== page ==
Australia's battling draw in the third Test has exposed weakness in England's bowling attack and given Ricky Ponting's men a fighting chance of retaining the Ashes, media in Sydney said on Tuesday.
Australian commentators hailed a 185-run fifth-wicket partnership between Michael Clarke and Marcus North that prevented England taking a 2-0 lead in the five-Test series.
The Australian Broadcasting Corporation's Joe O'Shea said the draw "keeps the series well and truly alive" while former Test off spinner Greg Matthews asked: "Is the series turning again?"
Matthews, in his blog for Ashes broadcaster SBS, said England's attack looked "a bit toothless" when conditions did not produce swing and talisman Andrew Flintoff was not firing due to injury niggles.
"If the ball doesn't swing England look average, especially with Flintoff on one leg," he said.
The Australian's Ben Dorries acknowledged Clarke "had more lives than a cat" on his way to an unbeaten 103 but credited the vice-captain with saving the match and giving Australia some momentum going into the fourth Test.
"Clarke continued the form that has made him Australia's leading run-scorer this Ashes... with another triple-figure score," he wrote.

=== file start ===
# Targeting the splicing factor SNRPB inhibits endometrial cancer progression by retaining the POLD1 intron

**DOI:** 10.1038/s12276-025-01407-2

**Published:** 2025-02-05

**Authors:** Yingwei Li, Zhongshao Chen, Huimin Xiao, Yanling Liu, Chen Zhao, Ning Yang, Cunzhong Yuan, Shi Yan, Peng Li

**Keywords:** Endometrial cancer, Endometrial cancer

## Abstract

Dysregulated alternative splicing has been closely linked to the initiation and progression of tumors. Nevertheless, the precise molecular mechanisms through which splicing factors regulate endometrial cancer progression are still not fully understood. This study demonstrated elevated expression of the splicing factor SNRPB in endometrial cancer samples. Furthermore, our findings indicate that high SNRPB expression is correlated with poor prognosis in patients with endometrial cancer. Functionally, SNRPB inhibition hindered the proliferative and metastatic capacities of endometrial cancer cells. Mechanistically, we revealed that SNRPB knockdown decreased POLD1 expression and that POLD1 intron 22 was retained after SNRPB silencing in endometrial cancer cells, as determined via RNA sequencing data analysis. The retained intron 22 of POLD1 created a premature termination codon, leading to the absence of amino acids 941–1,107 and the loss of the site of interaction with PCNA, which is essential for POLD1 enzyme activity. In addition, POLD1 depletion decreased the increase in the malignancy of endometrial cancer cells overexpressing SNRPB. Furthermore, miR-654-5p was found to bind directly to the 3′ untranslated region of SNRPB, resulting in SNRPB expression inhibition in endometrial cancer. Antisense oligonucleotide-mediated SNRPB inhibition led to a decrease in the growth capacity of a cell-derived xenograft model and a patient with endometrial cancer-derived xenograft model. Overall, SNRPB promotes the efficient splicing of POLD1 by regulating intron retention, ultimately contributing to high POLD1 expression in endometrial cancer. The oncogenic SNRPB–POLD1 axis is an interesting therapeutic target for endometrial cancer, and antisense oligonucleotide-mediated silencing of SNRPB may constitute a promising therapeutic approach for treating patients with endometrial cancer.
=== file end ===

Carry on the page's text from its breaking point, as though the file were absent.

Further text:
He was also full of praise for Shane Watson, who was called on to replace dropped opener Phillip Hughes at short notice and received bruising treatment as England's quicks struggled for a breakthrough.
"Watson has been in the past unfairly accused of being soft but he was as hard as nails last night as he refused to show any sign of pain or call for medical attention," he said.
But Malcolm Conn in Sydney's Daily Telegraph questioned Australian skipper Ponting's state of mind after he was dismissed for five in the second innings.
"It was his second poor Test after a majestic 150 in Cardiff and left the nagging feeling that he carries so much with this inexperienced team that maybe, just maybe, it is starting to wear the 34-year-old down," he said.
The Sydney Morning Herald's Peter Roebuck said a draw may still not be enough for Australia to retain the Ashes.
"Unless Flintoff breaks down or the Australian pace bowling improves beyond measure, England will win the Ashes," he said.
"Admittedly, it is never wise to underestimate any Australian team but the gap between the sides is widening not shrinking."